NFL: 5 Most Bizarre Curses in League History
The idea of a curse is a debate in and of itself. Simply saying a team cannot win because of some off-the-field reason is as preposterous to some people as it is sensible to others.
And while the NFL may not have all of the best curses in sports, they do have some of the most bizarre. Looking around the league, there are some curses which, in my opinion, aren't real curses.
The Buffalo Bills, for example, aren't cursed so much as they are simply unlucky. Heck, they even cheered Scott Norwood despite him missing the winning field goal. That was pure class. There's no reason why they're jinxed.
But there are genuine curses out there, so why not have a look at some of strangest?
No. 5: Joe Namath Sells His Soul for a Super Bowl
Well, some people think he might have had some inside knowledge.
Apparently, Broadway Joe made a "deal with the Devil" in order to win the game (which the Jets promptly did over the heavily favored Baltimore Colts, 16-7).
Since that game though, the Jets haven't reached another Super Bowl and Namath's previously soaring career suffered.
That said, Super Bowl III did put the AFL on the map and helped to legitimize the 1970 merger, so maybe it was for the better of the group?
No. 4: Marcus Allen Curses Al Davis and the Raiders
His reverse-field run in Super Bowl XVIII helped to secure the Raiders third Super Bowl trophy.
Yet Raiders owner Al Davis, never one to hide his true opinion, called Allen a "cancer to the team" during a contract dispute.
Allen eventually left the Raiders and has cursed Al Davis, allegedly hexing a Davis photo and keeping it in his freezer.
If that's true, you have to say it: kinda creepy.
But nonetheless effective, because since then the Raiders have largely been a shadow of their former selves, with the obvious exception of the Super Bowl in 2003 (though they did lose).
Even things like the "tuck-rule game" might have them spooked.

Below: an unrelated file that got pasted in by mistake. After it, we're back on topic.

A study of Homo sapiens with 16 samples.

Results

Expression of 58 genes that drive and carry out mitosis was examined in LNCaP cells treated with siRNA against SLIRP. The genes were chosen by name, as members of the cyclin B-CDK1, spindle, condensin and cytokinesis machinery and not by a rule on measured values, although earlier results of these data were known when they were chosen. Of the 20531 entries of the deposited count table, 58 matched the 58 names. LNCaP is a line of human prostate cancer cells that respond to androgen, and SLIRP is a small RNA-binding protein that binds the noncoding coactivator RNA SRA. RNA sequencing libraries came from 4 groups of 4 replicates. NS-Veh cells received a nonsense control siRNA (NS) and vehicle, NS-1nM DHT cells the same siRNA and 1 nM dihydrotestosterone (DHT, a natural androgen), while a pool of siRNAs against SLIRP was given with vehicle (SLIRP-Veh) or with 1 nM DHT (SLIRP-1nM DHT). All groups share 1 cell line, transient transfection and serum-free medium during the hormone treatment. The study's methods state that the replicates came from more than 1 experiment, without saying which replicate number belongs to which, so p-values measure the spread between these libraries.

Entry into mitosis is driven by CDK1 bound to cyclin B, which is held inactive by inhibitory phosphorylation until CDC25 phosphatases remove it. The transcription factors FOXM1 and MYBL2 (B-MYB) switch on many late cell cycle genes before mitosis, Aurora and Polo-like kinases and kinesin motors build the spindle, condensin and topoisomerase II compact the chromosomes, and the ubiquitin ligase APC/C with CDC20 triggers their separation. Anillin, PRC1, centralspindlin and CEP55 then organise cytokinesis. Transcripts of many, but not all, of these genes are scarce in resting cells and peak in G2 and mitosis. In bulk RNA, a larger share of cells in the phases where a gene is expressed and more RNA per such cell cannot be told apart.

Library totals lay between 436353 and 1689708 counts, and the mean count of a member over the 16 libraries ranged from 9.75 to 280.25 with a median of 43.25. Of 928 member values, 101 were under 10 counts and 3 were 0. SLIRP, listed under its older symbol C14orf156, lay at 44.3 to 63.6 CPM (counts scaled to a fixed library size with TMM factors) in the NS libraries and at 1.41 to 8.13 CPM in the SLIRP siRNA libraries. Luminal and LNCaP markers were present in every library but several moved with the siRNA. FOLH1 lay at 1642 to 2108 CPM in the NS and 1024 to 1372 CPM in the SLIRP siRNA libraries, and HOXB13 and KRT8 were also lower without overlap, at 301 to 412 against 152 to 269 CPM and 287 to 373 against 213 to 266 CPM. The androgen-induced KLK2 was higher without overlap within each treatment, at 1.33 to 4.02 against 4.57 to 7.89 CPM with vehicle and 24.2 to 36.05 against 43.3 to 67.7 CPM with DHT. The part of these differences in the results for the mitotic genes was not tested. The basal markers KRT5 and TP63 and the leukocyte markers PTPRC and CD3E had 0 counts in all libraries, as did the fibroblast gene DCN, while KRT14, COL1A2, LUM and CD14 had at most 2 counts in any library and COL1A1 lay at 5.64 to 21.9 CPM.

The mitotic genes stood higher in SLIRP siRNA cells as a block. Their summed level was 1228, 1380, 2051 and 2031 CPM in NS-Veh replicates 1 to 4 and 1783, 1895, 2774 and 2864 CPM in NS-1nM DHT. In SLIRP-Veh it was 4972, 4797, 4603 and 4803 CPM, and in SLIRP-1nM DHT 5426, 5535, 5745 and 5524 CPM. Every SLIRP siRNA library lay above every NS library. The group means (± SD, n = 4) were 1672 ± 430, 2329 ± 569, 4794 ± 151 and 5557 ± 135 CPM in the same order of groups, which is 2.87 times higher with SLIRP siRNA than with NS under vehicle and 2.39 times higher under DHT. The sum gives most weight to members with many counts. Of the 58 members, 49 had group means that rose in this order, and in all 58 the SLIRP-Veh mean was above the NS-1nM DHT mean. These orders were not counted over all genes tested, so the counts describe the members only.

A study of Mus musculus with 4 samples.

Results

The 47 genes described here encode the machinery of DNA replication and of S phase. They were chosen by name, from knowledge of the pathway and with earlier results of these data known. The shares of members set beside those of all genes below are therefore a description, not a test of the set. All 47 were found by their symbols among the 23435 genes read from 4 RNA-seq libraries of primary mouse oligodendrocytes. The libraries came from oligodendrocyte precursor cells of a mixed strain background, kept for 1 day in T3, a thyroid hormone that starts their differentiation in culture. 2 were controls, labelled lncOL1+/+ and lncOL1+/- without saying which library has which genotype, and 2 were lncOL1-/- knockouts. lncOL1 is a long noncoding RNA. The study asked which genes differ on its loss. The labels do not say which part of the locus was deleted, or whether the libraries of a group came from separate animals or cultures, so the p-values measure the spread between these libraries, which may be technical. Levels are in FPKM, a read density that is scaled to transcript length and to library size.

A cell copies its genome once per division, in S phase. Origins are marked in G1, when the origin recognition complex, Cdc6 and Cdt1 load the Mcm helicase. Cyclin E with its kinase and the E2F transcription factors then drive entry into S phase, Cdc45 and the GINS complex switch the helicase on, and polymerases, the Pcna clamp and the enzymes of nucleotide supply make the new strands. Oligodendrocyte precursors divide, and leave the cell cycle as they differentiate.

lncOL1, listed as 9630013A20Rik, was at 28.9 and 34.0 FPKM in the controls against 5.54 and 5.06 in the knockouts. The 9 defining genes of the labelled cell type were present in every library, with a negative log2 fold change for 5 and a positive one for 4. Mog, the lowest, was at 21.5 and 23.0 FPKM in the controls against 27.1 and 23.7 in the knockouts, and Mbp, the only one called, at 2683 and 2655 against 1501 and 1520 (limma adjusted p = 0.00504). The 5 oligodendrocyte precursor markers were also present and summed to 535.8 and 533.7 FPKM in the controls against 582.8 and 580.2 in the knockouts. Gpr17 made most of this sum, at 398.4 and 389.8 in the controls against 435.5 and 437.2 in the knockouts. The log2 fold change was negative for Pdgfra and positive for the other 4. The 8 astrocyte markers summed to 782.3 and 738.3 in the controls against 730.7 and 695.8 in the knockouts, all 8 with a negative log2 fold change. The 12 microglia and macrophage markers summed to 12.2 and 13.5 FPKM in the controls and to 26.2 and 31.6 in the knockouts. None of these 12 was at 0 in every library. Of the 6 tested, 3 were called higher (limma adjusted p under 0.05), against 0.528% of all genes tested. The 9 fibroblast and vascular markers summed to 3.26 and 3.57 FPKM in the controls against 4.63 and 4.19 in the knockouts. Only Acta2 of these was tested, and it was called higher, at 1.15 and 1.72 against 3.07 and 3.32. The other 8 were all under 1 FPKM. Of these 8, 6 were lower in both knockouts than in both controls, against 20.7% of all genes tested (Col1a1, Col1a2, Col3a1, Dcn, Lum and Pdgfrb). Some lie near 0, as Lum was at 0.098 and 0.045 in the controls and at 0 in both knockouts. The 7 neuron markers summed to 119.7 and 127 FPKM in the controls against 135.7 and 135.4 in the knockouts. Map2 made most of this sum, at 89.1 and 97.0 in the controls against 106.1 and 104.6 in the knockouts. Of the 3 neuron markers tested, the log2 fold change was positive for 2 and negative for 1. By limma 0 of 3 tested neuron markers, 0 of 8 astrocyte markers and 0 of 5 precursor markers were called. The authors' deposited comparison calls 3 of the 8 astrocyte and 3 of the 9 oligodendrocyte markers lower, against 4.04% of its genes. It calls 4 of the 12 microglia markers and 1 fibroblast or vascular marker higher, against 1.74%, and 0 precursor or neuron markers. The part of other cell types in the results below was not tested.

In the end, Allen went into the Hall as a Chief, not a Raider. Maybe time to setup a covert mission into someone's freezer?
No. 3: The Chunky Soup Curse
Don't ask me why people would get cursed endorsing Campbell's Chunky Soup, but they do.
Jerome Bettis, Terrell Davis, Matt Hasselback, Donovan McNabb, Ben Roethlisberger, Michael Strahan Ladainian Tomlinson and Brian Urlacher all suffered injuries or downturns after appearing the commercials.
Maybe it has something to do with the fact that, other then McNabb, none appeared with their real mother's in the ad, choosing actors instead.
No. 2: Super Bowl Loser Curse
In fact, most teams don't make it nearly so close as to even be in the big game again during the subsequent season.
With minor exceptions (such as the 2000 Tennessee Titans), nearly every Super Bowl loser does worse the next year. Call it a hangover or a let down curse, whatever it is certainly seems to be effective in curtailing teams.
The only teams to get back to the big show the next year after losing (other than Miami) were the '87 Broncos and the Bills during the early 90's. And they both lost, with Buffalo losing four in a row eventually.
No. 1: The Madden Curse
It's claimed an enormous amount of destruction. Eddie George, Daunte Culpepper, Marshall Faulk, Shaun Alexander, Brett Farve (at least his PR image).
Mike Vick's year on the cover (Madden 2004) set off a disastrous campaign where he broke his leg in preseason and missed 12 games. His hitherto Super Bowl sleeper team, the Falcons, went 5-11.
Some players have weathered the curse (Larry Fitzgerald for one). But then again, the jury's still out on whether he'll play for a winner again, so we'll see.
I understand there are people out there who don't believe in curses. They think it's B.S.
But hey, say that to the Madden video game's PR head, who's finding it harder and harder to get star players to be on the cover of one of the world's most popular video games. Is it all coincidence? Maybe. Then again, Maybe not.